Video: Rossi drives F3 Americas car (2nd Update)

UPDATE checked with the F3 Americas series and we were told teams expect a full season of 15 races plus two test days to cost no more than $300K for all costs per car.

With Mazda's backing now gone, it's time for IndyCar to junk its complete ladder system and switch to the global FIA ladder system of F4–>F3–>F2–>F1 or IndyCar.

The FIA ladder system is now less expensive, it is a global standard recognized by drivers and fans everywhere, and it opens up many interesting possibilities if IndyCar adheres to the FIA standard.

With Honda firmly behind F4 and F3, it's time IndyCar do what's right if it wants the international respect it deserves.

Young Americas should be going to Macau at the end of every year to see how they fair against the best F3 drivers in the world.

Open Wheel Racing Ladder System Today

Tier 1

  • FIA Formula 2 Championship
  • World Series Formula V8 3.5
  • Indy Lights (also part of Road-to-Indy program)

Tier 2

  • FIA European Formula 3 Championship (Max Verstappen proved you can go from F3 straight to F1)
  • GP3 Series
  • F3 Americas
  • Super Formula
  • Pro Mazda (part of Road-to-Indy program but Mazda now gone)

Tier 3

  • FIA Formula 4 Championship
  • National Formula 4 championships like F4 Americas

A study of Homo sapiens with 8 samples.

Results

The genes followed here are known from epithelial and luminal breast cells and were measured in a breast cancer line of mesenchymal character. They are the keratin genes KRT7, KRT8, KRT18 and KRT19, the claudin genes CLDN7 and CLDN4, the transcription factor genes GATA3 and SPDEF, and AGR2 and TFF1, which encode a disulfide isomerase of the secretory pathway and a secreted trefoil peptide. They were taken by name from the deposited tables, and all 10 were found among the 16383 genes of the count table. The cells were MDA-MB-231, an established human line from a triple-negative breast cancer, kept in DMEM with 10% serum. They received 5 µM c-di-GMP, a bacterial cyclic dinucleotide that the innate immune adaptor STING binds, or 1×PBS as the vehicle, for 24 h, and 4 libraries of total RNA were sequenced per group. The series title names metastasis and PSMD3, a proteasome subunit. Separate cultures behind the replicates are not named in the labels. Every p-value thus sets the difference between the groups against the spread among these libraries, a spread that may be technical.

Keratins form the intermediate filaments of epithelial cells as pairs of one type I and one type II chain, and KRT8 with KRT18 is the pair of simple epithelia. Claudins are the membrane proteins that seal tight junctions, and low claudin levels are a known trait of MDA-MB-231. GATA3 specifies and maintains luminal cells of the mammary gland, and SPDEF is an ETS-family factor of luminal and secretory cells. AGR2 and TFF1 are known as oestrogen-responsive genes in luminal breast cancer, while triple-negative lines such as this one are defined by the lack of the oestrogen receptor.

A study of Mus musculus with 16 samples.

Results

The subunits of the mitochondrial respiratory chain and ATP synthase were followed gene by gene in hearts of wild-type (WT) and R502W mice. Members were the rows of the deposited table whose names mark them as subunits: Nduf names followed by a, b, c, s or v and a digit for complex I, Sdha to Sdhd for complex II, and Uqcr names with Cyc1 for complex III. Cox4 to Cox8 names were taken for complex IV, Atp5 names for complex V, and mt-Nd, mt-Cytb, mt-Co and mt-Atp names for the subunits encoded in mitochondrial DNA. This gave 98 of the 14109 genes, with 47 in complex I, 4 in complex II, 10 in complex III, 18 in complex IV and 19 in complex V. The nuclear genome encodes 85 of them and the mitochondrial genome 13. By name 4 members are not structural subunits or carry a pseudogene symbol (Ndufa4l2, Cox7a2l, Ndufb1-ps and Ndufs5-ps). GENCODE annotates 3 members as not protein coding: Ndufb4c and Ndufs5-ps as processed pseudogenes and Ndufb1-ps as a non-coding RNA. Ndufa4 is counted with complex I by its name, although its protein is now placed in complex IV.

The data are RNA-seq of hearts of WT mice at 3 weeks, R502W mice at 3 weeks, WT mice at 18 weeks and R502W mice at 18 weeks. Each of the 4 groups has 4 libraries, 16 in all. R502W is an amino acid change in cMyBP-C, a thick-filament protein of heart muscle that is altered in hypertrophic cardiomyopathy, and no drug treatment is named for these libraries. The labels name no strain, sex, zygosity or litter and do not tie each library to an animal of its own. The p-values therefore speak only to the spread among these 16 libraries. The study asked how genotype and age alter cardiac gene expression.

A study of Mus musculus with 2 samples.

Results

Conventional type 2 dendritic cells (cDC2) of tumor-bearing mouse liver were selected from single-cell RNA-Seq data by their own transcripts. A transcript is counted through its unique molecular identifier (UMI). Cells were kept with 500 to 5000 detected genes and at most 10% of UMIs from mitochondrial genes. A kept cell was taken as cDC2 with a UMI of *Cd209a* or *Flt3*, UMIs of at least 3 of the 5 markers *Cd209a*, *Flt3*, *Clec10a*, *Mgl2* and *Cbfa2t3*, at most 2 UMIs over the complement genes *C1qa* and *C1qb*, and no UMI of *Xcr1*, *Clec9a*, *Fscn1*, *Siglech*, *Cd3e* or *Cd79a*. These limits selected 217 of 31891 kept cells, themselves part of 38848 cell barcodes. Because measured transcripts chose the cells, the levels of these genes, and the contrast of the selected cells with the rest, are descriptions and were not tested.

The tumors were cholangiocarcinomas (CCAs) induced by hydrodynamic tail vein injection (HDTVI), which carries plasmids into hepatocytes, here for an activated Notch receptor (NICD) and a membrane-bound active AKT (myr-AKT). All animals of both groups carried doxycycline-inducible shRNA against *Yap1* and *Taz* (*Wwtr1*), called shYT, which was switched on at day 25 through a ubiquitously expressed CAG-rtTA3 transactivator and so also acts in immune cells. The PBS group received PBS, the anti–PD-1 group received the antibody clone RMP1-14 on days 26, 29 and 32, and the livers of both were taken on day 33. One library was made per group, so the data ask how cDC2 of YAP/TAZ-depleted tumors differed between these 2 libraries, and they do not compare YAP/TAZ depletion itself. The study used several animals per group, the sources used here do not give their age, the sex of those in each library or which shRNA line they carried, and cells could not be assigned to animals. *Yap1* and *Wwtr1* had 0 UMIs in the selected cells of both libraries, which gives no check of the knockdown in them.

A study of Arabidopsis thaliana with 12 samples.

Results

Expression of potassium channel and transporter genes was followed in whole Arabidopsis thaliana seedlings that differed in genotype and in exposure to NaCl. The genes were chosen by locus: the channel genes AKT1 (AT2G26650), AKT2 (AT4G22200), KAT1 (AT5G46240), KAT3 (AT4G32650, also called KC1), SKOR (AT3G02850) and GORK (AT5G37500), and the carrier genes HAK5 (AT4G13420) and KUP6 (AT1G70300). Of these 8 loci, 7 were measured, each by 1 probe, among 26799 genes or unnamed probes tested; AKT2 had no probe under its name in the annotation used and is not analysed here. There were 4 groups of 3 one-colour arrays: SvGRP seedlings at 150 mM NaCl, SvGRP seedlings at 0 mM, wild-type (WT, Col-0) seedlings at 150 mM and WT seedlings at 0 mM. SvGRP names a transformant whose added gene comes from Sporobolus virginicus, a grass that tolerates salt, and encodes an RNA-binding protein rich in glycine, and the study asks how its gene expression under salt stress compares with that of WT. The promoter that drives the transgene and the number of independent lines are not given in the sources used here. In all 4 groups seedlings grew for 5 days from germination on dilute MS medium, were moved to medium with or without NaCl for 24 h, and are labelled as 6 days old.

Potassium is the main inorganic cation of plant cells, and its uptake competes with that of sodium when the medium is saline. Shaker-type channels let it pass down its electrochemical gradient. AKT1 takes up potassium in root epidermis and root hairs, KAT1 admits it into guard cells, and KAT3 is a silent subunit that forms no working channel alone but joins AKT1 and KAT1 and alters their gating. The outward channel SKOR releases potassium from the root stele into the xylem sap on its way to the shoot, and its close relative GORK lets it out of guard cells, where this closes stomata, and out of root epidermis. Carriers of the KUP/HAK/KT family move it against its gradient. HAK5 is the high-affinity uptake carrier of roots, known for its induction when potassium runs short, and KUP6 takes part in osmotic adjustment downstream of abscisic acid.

• Formula Renault 2.0
  • USF2000 (part of Road-to-Ind program)

Tier 4

  • CIK-FIA Karting World Championship
  • CIK-FIA Karting Continental Championships
  • National Karting Championships
Rossi in the F3 Americas car
Rossi in the F3 Americas car


A reader writes, It would be good to have a single seat formula car that could run compatible series throughout the world. Think Formula Atlantic 30-40 years ago. I'd love to see some of the current F3 drivers (Armstrong, Schumacher ) as well as some of the F2 drivers (Norris, Russell) have a reason to cross the Atlantic to run here. Stewart Low

Dear Stewart, You are 100% correct. But somehow IndyCar thinks it needs to be different, so it's entire ladder series does not follow the FIA global standard. This would allow what you suggest and save money because the FIA ladder system costs much less than the IndyCar ladder system at every rung on the ladder. IndyCar will argue that the ladder cars must be safe on ovals.

Well the only rung on the ladder that needs to race on ovals is Indy Lights. And as every European driver has proven, you can come to America with zero oval experience, hop into an IndyCar and be competitive relatively quickly. So why bother racing the ladder cars on ovals. Adopt the FIA global ladder standard and save everyone a lot of money and confusion. Mark C.

Why isn't F4 and F3, two global standards, not on the Road-To-Indy ladder?
Why isn't F4 and F3, two global standards, not on the Road-To-Indy ladder?

08/01/18 Fresh from his maiden Honda 200 win, Andretti Autosport driver Alexander Rossi attended the first F3 Americas Championship Powered by Honda test day at Pittsburgh International Race Complex on Monday, July 30.

Rossi tested the F3 Americas car at the newly FIA accredited 2.8-mile circuit to provide valuable insights and feedback on the car’s performance and setup for race teams eager to get their cars on track for the Championship’s world debut on Friday.